On Saturday, December 1, the South Coast Air Quality Management District (SCAQMD) held two community meetings to discuss the Health Risk Assessment and Early Risk Reduction plans for Anaplex Corporation and Aerocraft Heat Treating Company, respectively. The meetings were hosted in accordance with Assembly Bill (AB) 2588 – Air Toxics “Hot Spots” program – enacted by the California Air Resources Board (CARB).
The first meeting began at 10 a.m. in Progress Park Plaza and focused on Anaplex. SCAQMD staff, led by Assistant Deputy Executive Officer in Planning Susan Nakamura, opened the meeting with a description of the agency’s Air Toxics Program and the health risk assessment process. Due to Anaplex’s elevated emissions in 2016, the facility was required to join the AB 2588 program. Over the last few years, Anaplex discontinued or modified many of its practices, including stopping spray paint application of chromate containing compounds, closing access doors facing Garfield Avenue, and installing tank pollution controls.
SCAQMD staff stated that the facility’s Early Action Reduction Plan has reduced both cancer and non-cancer risks below the Risk Reduction Threshold. Once finalized and approved, Anaplex’s Risk Reduction Plan will reduce the cancer and non-cancer risks further.
Julie Lester, environmental consultant for Anaplex, then provided further information about the facility and its history. She clarified that Anaplex does not heat furnaces, nor does it cut or grind metals. As a result of the Early Risk Reduction plan, the facility has proactively reduced emissions and potential risk each year. Ms. Lester stated that the levels of hexavalent chromium have decreased, shown by the rolling monthly average of SCAQMD’s monitors near Anaplex.
Following the presentation, Paramount community members were given a chance to ask the panel questions. Various speakers requested clarification of the abatement process and ongoing air quality concerns, while a handful of workers from Anaplex clarified that the company has been doing its part to lower emissions over the past two years. Residents stated concerns about air quality around schools and questioned whether SCAQMD’s monitoring and investigation efforts should increase in the future, rather than decrease.
The SCAQMD panel provided scientific backing for most of the questions, promising to follow up on the queries that required more information. Additionally, the panel pointed to its Multiple Air Toxics Exposure Studies (MATES) and the Office of Environmental Health Hazard Assessment’s (OEHHA) CalEnviroScreen for more information about cumulative and other sources of pollution that could be affecting the area.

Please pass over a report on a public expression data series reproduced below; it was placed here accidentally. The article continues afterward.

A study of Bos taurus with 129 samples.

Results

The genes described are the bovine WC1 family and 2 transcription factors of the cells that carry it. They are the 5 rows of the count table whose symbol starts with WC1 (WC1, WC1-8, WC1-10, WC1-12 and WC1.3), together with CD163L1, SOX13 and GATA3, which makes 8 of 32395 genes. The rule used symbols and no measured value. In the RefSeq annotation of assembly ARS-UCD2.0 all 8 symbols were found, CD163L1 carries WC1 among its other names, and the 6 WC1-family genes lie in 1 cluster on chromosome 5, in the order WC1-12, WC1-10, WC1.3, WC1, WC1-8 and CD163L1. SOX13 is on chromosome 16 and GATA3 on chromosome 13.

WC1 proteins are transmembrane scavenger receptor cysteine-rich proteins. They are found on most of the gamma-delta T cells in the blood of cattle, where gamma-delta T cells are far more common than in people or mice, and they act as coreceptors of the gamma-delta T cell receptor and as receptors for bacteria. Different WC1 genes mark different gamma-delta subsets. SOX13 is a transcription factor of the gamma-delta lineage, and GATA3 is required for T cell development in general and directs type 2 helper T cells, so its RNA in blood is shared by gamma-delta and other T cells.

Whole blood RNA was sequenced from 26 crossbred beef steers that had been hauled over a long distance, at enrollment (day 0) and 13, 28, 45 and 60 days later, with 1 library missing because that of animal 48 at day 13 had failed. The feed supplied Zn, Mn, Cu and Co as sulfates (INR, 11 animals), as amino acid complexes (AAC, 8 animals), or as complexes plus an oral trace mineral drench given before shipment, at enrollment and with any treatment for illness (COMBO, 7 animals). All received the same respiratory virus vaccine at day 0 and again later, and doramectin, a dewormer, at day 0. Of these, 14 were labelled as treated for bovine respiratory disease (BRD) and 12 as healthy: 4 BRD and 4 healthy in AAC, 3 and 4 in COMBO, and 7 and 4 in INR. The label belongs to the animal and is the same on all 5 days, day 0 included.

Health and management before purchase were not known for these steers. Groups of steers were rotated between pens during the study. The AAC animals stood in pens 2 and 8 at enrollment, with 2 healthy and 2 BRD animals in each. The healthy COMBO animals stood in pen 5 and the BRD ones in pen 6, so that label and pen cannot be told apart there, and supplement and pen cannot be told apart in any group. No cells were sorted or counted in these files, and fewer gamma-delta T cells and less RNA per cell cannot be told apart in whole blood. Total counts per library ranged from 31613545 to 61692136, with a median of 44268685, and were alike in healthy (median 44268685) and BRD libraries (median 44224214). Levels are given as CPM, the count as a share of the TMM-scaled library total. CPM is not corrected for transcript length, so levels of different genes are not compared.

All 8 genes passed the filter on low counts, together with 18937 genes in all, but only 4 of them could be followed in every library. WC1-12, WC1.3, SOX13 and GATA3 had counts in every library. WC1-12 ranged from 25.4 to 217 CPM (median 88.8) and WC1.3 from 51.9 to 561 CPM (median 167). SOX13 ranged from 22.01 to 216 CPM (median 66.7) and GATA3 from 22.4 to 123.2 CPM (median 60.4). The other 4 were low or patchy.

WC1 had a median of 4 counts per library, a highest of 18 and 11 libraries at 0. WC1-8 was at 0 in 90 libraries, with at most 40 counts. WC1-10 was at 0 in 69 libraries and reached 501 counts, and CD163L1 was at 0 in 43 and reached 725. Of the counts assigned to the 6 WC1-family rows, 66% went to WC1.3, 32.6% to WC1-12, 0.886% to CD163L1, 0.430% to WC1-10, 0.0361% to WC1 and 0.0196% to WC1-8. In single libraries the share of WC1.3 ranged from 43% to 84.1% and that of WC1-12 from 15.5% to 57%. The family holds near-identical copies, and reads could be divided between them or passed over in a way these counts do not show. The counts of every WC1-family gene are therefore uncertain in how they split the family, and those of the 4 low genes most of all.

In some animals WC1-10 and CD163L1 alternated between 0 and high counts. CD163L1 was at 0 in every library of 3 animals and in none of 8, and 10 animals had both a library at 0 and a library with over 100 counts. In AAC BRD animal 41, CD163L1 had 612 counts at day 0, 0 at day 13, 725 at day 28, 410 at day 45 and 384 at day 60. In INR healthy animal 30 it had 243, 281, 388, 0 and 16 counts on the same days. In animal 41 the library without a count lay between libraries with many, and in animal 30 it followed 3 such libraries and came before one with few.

Due to the first meeting running past its scheduled end time, the meeting for Aerocraft began at 2 p.m. Ms. Nakamura again opened the meeting with a presentation to discuss Aerocraft’s actions since 2016 as a result of SCAQMD’s Air Toxics Program. Aerocraft has discontinued the use of dry sweeping and began using a wet mobile sweeper daily, as well as halted use of compressed air for non-essential processing activities and enclosed two of its buildings.
Similar to Anaplex’s progress, Aerocraft’s Early Risk Reduction Plan has reduced cancer and non-cancer rates significantly. The health risk levels are below the Risk Reduction thresholds and, once the final Risk Reduction Plan is implemented, the risks will fall below one in a million.
Aerocraft’s spokesperson, Greg Stonick, provided an overview of the facility’s actions taken in the last two years. Most recently, Aerocraft received a Conditional Use Permit from the City of Paramount to install permanent baghouses with ULPA filtration in October 2018. Mr. Stonick stated that the facility is fully committed to safeguarding the Paramount community through permanent emissions controls and lowered emissions by 2019.
Community members had a second chance to pose questions and comments to the panel after the Aerocraft presentation ended. Residents asked for more information about real-time monitoring, the effects of hexavalent chromium and nickel, and what SCAQMD is doing to address pollution in other nearby communities. Moreover, residents who had stayed over from the first meeting complained that the meetings and comment periods should have been better managed. In response, Ms. Nakamura apologized and assured the community that SCAQMD will follow up the issues raised.
SCAQMD will continue to update the community on significant actions taken by Anaplex and Aerocraft toward implementing their final Risk Reduction Plans in the coming months. Though the facilities have up to two years to complete the necessary steps, the City of Paramount will work closely with SCAQMD, Anaplex, and Aerocraft to ensure that air quality issues are addressed sooner rather than later.